Central American migrants detail journey, reasons for coming to US
Enriqueta smiled ear-to-ear as she saw her three young sons playing and running around. It had been almost three weeks since she last saw them this happy.
“They can finally be kids again,” she said.
Eighteen days prior, she and her three boys – ages 6, 8 and 10 – left Guatemala and headed to the United States. The trip spanned more than 2,000 miles. They mostly traveled by bus.
“I didn’t sleep much on our way here,” Enriqueta said. “I was afraid to sleep and wake up and not find my kids with me.”
When they reached Mexico’s border with Arizona, they turned themselves in to Border Patrol agents and asked for asylum. Days later, they were dropped off at the Grove, a Christian church in Chandler.
Enriqueta and her three sons are among the thousands of migrants seeking asylum who’ve been released by U.S. Immigration and Customs Enforcement to churches across the Valley in the last two months.
Many came to the U.S. to escape violence, government corruption and poverty in Central America.
Enriqueta, who asked not to be identified because she feared for her and her sons’ safety, said she came to flee gang violence and extortion.
“You see a lot of that in Guatemala,” she said. “On the other hand, you don’t see much of that here in the United States. That’s why we came here.”
They were dropped off at the Grove on Thursday, along with about 150 other migrants also released by ICE. Volunteers greeted them with smiles and escorted them to a gym.
“When we arrived, we were greeted by angels that fell from heaven,” Enriqueta said, referring to the volunteers. “They gave us food, water and even clothes. We are very grateful.”
Luis, who asked not to be identified, said he and his wife and their two daughters also fled dangerous conditions in their home country of Nicaragua.
He said they decided to journey north to the U.S. after his cousin was shot for speaking against Nicaragua’s current political regime. Last month, the U.S. Treasury Department imposed sanctions on Nicaragua due to the government’s corruption and “violent response” to protests.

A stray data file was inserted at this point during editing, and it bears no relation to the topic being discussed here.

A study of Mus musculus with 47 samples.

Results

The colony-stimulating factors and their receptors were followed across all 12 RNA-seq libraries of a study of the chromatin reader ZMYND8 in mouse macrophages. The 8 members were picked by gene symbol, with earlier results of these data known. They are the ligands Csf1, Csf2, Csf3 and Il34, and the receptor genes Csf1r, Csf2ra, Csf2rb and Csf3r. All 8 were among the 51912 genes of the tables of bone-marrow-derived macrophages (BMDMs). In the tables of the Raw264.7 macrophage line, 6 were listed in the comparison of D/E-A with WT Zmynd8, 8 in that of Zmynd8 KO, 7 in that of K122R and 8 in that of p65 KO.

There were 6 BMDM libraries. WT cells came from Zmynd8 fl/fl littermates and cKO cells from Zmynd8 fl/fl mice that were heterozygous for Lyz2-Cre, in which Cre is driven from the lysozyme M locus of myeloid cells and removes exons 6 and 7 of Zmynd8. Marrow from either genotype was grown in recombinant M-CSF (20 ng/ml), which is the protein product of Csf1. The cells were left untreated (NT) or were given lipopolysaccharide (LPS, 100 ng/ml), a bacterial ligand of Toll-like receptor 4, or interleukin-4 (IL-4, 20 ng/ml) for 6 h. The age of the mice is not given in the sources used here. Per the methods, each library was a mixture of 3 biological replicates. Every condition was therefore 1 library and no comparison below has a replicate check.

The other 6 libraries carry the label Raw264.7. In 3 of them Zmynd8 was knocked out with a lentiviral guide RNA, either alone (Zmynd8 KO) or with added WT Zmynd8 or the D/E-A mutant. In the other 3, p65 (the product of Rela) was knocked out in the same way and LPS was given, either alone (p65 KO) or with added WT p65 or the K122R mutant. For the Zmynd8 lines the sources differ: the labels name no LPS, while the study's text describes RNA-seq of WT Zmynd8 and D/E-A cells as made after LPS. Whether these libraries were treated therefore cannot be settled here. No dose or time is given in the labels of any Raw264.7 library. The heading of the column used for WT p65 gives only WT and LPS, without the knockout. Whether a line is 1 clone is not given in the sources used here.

“We left because I don’t feel it’s safe for my daughters – for my whole family,” he said. “The insecurity is alarming in Nicaragua right now.”
The family traveled together but were separated when they reached Arizona’s border with Mexico and were apprehended by Border Patrol agents. He and his 7-year-old daughter made it to the Grove on Thursday while his wife and 9-year-old daughter remain in a detention center.
“I’m hopeful we’ll be reunited soon,” he said.
For several hours on Thursday, the gym at the Grove was filled with bustle and activity.
In one area, volunteers sat with laptops helping migrants buy plane and bus tickets to reunite with relatives in the U.S. In another, tables were set up with clothes, shoes, backpacks, toiletries, and baby necessities for the migrants to pick out. There were also toys for the kids.
After securing a bus or plane ticket and picking out what they needed from the piles of donations, the migrants were connected with host families who volunteered to take them to their homes. The migrants would stay there until they could get on their way to reunite with their loved ones in the U.S.
Enriqueta said she was hoping to reunite with her husband in San Francisco and Luis said he hoped to reach Los Angeles to reunite with his mother, whom he hadn’t seen in more than two decades.
Palmer Chinchen, a pastor at the Grove, said about 200 families have signed up to host migrants since October, including him and his wife.
Chinchen said for him and his wife, opening their home to migrants “is one of our strongest callings as followers of Jesus Christ.”
“We’re just trying to live out the love of Christ as we feel we’ve been called to do,” he added.
The couple has taken in two migrant families and took in a third family, a mother and her 5-year-old daughter from Guatemala, on Thursday.
The Guatemalan mother, who asked to be identified as Angelina, said poverty is what drove her to leave her home country with her daughter.
“There are no jobs. There are very few opportunities to get ahead,” she said, referring to the conditions she faced in Guatemala. “I came here to get a job, so I can provide for my daughter.”